A BLACKBERRYING trip by two young girls in the grounds of Stafford Castle turned into a tragedy when the brother of one of the youngsters was trapped beneath tons of masonry and timbers.
Police and fire rescue teams raced to the scene of the tragedy which involved two young men and, despite the danger of more masonry falling, they were joined by many volunteers using their bare hands to pull away large boulders.
Alas, their efforts were too late to save the life of Stafford miner, 19-year-old Sidney Pickering, who was brought out by firemen – his dead body found in the rubble.
Rescue efforts were hampered by vehicles unable to get nearer than 400 yards from the castle ruins.
His companion, John Arthur Davies, 18, had managed to move clear of the falling masonry and raised the alarm by walking into Stafford Police Station, even though he sustained minor cuts, abrasions and shock. He was allowed to return to the scene of the tragedy which had claimed the life of his chum.
Among those to visit the scene was the mayor of Stafford Councillor J E Roberts and more than 50 helpers led by Chief Inspector Frederick Housiaux.
John Davies, of Young Avenue, Stafford, later told reporters: “We were just walking round the castle and then we went inside. We were just talking and joking. I jumped down from one spot and all of a sudden the whole place began to rumble.” Both he and Sidney John Pickering, of Tennyson Road, Highfields, were trespassing in the castle’s grounds which were owned by Lord Stafford who, expressing deep sorrow about the incident, said he had offered the building to both the National Trust and the Historical Monuments but neither would take it.
Ten years earlier, he said, it had been offered to the Stafford Borough Council without success.
An inquest into the death of Sidney Pickering returned a verdict of accidental death with a suggestion that Lord Stafford make sure that perimeter fencing at the castle was adequate at all times.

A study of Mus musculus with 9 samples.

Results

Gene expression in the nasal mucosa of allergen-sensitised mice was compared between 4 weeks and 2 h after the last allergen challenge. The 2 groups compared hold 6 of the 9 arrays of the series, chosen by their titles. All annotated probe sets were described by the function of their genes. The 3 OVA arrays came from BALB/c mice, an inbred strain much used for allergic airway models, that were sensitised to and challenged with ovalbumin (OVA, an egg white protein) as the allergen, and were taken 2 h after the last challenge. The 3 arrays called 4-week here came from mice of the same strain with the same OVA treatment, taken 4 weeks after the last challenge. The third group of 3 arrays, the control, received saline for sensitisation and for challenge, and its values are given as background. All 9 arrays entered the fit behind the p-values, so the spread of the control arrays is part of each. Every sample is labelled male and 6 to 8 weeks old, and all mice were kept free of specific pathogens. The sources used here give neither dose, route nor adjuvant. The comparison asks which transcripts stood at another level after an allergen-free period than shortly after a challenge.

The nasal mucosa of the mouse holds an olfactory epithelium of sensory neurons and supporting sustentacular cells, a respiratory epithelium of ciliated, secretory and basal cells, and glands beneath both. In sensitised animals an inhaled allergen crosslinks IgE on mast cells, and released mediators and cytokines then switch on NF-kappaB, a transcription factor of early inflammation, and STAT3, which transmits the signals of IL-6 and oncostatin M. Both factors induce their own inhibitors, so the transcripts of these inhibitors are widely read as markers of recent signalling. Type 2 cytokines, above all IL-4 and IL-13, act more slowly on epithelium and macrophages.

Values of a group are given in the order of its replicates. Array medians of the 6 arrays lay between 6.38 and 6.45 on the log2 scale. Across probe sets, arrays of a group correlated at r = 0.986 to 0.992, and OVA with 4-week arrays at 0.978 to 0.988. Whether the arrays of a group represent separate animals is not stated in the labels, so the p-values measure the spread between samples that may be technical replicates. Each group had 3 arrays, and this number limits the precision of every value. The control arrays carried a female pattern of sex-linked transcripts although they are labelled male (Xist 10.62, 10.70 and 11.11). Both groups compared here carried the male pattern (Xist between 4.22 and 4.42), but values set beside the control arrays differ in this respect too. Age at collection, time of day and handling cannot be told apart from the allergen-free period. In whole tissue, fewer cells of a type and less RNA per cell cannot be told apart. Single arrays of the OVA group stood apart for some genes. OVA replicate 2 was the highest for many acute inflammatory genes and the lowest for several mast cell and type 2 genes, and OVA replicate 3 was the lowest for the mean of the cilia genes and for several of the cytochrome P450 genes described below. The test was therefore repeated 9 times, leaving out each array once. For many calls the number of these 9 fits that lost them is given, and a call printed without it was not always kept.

Consultant pathologist Dr Frank Pick said death was due to traumatic asphyxia and internal haemorrhages and assured the dead man’s relatives he would have lost consciousness very quickly.
The coroner, Mr K T Braine-Hartnell described the castle as ‘a fake’ and asked whether it ought to be bulldozed – even though it was regarded by some people as a monument or landmark.
The tragedy, which happened on Thursday, August 18, 1960, sparked many theories as to its cause with some believing that work on the nearby motorway which had begun days earlier had cause vibrations.
The Stafford rural district engineer Mr A H Jarvis discounted the idea. Meanwhile, Alderman D H T Smith, of the county planning committee, said no-one wanted to take responsibility for the castle.
In the aftermath, local historian Sydney Horne confirmed that the castle was rebuilt by the William Jerningham and his son George but work ceased in 1815. Mr Horne concluded that the mound on which the castle stood was unable to stand the weight of the two Gothic-style towers.
The Newsletter, in a hard-hitting editorial, described the castle as ’Jerningham’s Folly’ and reminded readers that for five years it had been warning of the dangers caused by vandalism and the elements.
“It is certain that something has got to be done about the matter... now.”
The same Newsletter edition included thank you notices from the dead boy’s mother and his sister, Mrs Johnson, of Turney Grove, both commending the brave efforts of volunteers at the tragic scene.
In 1961, the castle was gifted to Stafford Borough Council by Lord Stafford and refurbished into a leisure area and officially opened by Lord Stafford and Morag, Lady Stafford on July 19, 1988.